Machine Pistol / Submachine Gun (SMG) (1961)


Infantry Small Arms / The Warfighter


Jump-to: Specifications

At its core, the Skorpion is a cross between a pistol and a submachine gun.



Authored By: Staff Writer | Last Edited: 05/22/2018 | Content ©www.MilitaryFactory.com | The following text is exclusive to this site.
The Skorpion submachine gun is originally of Czechoslovakian origin and was designed in the late 1950s and formally introduced in 1961. The design is attributed to Miroslav Rybar and production was headed up by Ceska Zbrojovka Uhersky Brod Zastava Arms. Despite her Cold War origins, the Skorpion still enjoys relatively widespread use and approximately 210,000 of her kind had been produced.

Outwardly, the Skorpion enjoys a unique appearance thanks to her design. The pistol grip is relatively straight yet ergonomic to fit in a dominant firing hand. The trigger is held within a wire ring with the magazine feed directly forward of it. The receiver contains all of the working components with the cocking handle featured along both forward sides. Iron sights are fitted across the top of the receiver at the front and rear of the design. The barrel protrudes a short distance ahead of the forend. The weapon can be stabilized against the shoulder by way of a folding wire stock assembly. When not in use, it simply folds over the top of the receiver.

In addition to its submachine classification, the Skorpion is sometimes regarded as a "machine pistol" due to her compact size. The size is made possible by an internal telescoping bolt component around the barrel assembly. The cartridge specific to the Skorpion also provides lower recoil than her contemporaries and makes "machine pistol" operation possible. As such, she is often treated as a pistol and can be carried in a holster.

Depending on the specific variant of Skorpion, the weapon can be chambered to fire the .32 ACP (standard Czech cartridge), the 9x19mm Parabellum, the 9x18mm Makarov or the .380 ACP cartridge from a 10- or 20-round detachable curved box magazine. The 9mm forms feature a straight box magazine. The firing action utilizes the blowback principle with a close bolt. Sighting is accomplished via a front post and flip-up rear sight. Effective range is out to 25 meters but this varies depending on cartridge type. Muzzle velocity is rated at 1,050 feet per second. Rate of fire is between 850 and 900 rounds per minute depending on cartridge type.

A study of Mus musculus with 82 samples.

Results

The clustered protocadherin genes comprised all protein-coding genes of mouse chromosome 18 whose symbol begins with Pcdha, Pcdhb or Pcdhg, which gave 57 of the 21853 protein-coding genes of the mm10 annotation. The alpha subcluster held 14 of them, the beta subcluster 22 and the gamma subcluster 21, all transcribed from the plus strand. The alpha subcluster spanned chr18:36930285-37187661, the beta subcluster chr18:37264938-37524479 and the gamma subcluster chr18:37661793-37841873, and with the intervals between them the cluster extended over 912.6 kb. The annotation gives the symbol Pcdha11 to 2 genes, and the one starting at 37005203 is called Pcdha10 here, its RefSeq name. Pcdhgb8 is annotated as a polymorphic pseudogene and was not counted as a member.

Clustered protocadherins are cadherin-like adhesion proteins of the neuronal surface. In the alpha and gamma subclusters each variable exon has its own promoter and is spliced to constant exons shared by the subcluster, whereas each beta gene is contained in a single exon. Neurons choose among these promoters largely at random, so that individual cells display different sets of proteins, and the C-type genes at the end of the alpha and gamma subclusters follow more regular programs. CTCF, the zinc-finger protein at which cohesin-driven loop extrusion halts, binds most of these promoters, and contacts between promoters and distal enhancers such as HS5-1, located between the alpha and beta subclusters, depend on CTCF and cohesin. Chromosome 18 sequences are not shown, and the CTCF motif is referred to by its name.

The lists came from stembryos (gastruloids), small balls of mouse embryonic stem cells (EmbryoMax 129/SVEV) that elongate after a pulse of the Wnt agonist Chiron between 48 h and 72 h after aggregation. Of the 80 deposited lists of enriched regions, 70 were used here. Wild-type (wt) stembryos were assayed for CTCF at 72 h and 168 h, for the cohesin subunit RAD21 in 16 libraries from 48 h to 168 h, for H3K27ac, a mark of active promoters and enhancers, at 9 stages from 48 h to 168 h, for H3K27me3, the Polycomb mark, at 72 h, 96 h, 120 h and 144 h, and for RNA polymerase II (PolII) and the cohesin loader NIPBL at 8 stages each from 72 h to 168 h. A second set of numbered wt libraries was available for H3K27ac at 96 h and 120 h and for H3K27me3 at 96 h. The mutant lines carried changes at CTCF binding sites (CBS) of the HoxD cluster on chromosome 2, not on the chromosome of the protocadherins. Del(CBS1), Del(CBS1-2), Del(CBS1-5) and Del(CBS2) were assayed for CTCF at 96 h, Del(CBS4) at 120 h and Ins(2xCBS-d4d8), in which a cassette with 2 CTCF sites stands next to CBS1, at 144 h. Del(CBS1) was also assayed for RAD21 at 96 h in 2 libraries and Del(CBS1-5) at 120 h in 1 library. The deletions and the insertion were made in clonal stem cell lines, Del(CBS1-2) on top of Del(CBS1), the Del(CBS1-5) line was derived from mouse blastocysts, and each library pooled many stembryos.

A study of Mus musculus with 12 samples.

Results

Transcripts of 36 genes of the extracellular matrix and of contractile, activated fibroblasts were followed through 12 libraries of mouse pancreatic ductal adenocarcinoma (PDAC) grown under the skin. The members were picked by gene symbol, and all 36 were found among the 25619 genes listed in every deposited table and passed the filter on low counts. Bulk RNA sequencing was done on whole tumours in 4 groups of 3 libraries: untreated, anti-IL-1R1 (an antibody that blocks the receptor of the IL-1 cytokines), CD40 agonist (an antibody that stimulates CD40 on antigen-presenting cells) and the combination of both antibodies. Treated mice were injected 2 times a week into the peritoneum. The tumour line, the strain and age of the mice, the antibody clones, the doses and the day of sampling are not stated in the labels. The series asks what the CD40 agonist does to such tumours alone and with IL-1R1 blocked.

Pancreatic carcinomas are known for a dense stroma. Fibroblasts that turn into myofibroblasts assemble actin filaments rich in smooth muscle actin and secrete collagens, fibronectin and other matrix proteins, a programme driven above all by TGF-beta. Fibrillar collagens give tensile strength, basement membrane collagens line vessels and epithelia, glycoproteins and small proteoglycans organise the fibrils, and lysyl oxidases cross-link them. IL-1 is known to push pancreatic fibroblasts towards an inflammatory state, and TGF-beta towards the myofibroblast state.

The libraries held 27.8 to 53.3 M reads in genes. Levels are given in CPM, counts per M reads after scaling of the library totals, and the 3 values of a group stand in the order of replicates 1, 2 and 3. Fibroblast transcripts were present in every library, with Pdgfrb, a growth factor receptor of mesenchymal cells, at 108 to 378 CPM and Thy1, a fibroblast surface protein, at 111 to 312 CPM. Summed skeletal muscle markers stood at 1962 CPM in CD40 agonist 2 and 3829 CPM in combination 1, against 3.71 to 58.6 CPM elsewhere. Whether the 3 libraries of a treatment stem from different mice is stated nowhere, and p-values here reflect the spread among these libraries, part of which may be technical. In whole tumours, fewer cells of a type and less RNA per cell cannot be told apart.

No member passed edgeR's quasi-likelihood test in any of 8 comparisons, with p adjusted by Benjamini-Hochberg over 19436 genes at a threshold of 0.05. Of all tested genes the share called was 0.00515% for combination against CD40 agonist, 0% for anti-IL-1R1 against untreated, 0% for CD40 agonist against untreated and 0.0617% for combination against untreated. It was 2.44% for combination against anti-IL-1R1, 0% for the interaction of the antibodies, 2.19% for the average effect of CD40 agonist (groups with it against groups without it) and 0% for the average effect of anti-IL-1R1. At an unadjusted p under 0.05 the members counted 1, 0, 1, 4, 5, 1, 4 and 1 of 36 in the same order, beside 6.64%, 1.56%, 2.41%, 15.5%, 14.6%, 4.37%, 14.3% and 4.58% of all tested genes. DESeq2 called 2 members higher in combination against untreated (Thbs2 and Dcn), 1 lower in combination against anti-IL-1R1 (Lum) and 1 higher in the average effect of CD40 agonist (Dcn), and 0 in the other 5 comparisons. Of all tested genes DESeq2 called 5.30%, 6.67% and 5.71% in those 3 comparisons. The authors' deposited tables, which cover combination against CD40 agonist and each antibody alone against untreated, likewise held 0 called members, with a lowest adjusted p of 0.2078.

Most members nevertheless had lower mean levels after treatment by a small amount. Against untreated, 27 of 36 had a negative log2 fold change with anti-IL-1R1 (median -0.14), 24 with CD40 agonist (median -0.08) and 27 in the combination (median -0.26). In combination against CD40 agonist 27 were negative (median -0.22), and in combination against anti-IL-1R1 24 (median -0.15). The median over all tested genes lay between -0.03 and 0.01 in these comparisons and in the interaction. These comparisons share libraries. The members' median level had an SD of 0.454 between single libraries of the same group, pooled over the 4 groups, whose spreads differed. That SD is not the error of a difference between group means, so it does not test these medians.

The Skorpion is a select-fire system that employs three modes of operation - safe, semi-automatic and full automatic. For special operations, the Skorpion can be fitted with a sound suppressor. Additional optional accessories include a forward vertical grip, solid stock and flashlight. In fact, utilizing the full plate of available accessories can make the Skorpion appear more akin to an assault rifle than a submachine gun. Three different caliber Skorpions were offered in the 1960s though never pressed into production. However, the 1990s brought about the vz. 61E, the vz. 82 and the vz. 83, these featuring the .32 ACP, 9x18mm Makarov and .380 ACP calibers respectively.

Specifications



Service Year
1961

Origin
Czechoslovakia national flag graphic
Czechoslovakia

Classification


Machine Pistol / Submachine Gun (SMG)


Ceska Zbrojovka Uhersky Brod -Czechoslovakia / Czech Republic; Zastava Arms - Serbia
National flag of Afghanistan National flag of Angola National flag of Czechia National flag of Egypt National flag of Indonesia National flag of Iraq National flag of Libya National flag of Mozambique National flag of North Korea National flag of Serbia National flag of Slovakia National flag of Uganda National flag of Yugoslavia Afghanistan; Angola; Czech Republic; Egypt; Indonesia; Iraq; Libya; Mozambique; North Korea; Serbia; Slovakia; Uganda; Yugoslavia
(OPERATORS list includes past, present, and future operators when applicable)
Pistol / Sidearm
Compact design for close-quarters work or general self-defense.


Overall Length
270 mm
10.63 in
Barrel Length
115 mm
4.53 in
Empty Wgt
2.87 lb
1.30 kg
Sights


Flip-Up Rear; Adjustable Front Post


Action


Blowback; Closed-Bolt

Blowback Operation
Gas pressure from the rearward movement of the ignited cartridge case provides the needed bolt movement, ejecting the spent case and stripping a fresh case from the magazine.
(Material presented above is for historical and entertainment value and should not be construed as usable for hardware restoration, maintenance, or general operation - always consult official manufacturer sources for such information)


Caliber(s)*


7.65x17 Browning SR; 9x19mm Parabellum; 9x18mm Makarov; 9x17mm Short

Sample Visuals**


Graphical image of a 9mm pistol cartridge
Rounds / Feed


10- or 20-round detachable curved magazine
Cartridge relative size chart
*May not represent an exhuastive list; calibers are model-specific dependent, always consult official manufacturer sources.
**Graphics not to actual size; not all cartridges may be represented visually; graphics intended for general reference only.
Max Eff.Range
82 ft
(25 m | 27 yd)
Rate-of-Fire
850
rds/min
Muzzle Velocity
1,050 ft/sec
(320 m/sec)


vz. 61 - Base Production Model
vz. 61E - Chambered for the .32 ACP cartridge; plastic pistol grip.
vz. 64 - Proposed vz. 61 variant; chambered for 9x18mm Makarov pistol cartridge; never produced.
vz. 65 - Proposed vz. 61 variant; chambered for 9x17mm Short cartridge (.380 ACP); never produced.
vz. 68 - Proposed vz. 61 variant; chambered for 9x19mm Parabellum cartridge; never produced.
vz. 82 - Chambered for 9x18mm Makarov pistol cartridge; 113mm barrel; straight-box magazine.
vz. 83 - Chambered for the .380 ACP cartridge; straight-box magazine.
CZ 91S - Civilian Market Variant; straight-box magazine.
CZ 868 - Modified carbine form based on the original Skorpion machine pistol; integrated stock and foregrip; optics mounting; optional silencer; straight-box magazine; underbarrel accessories mount.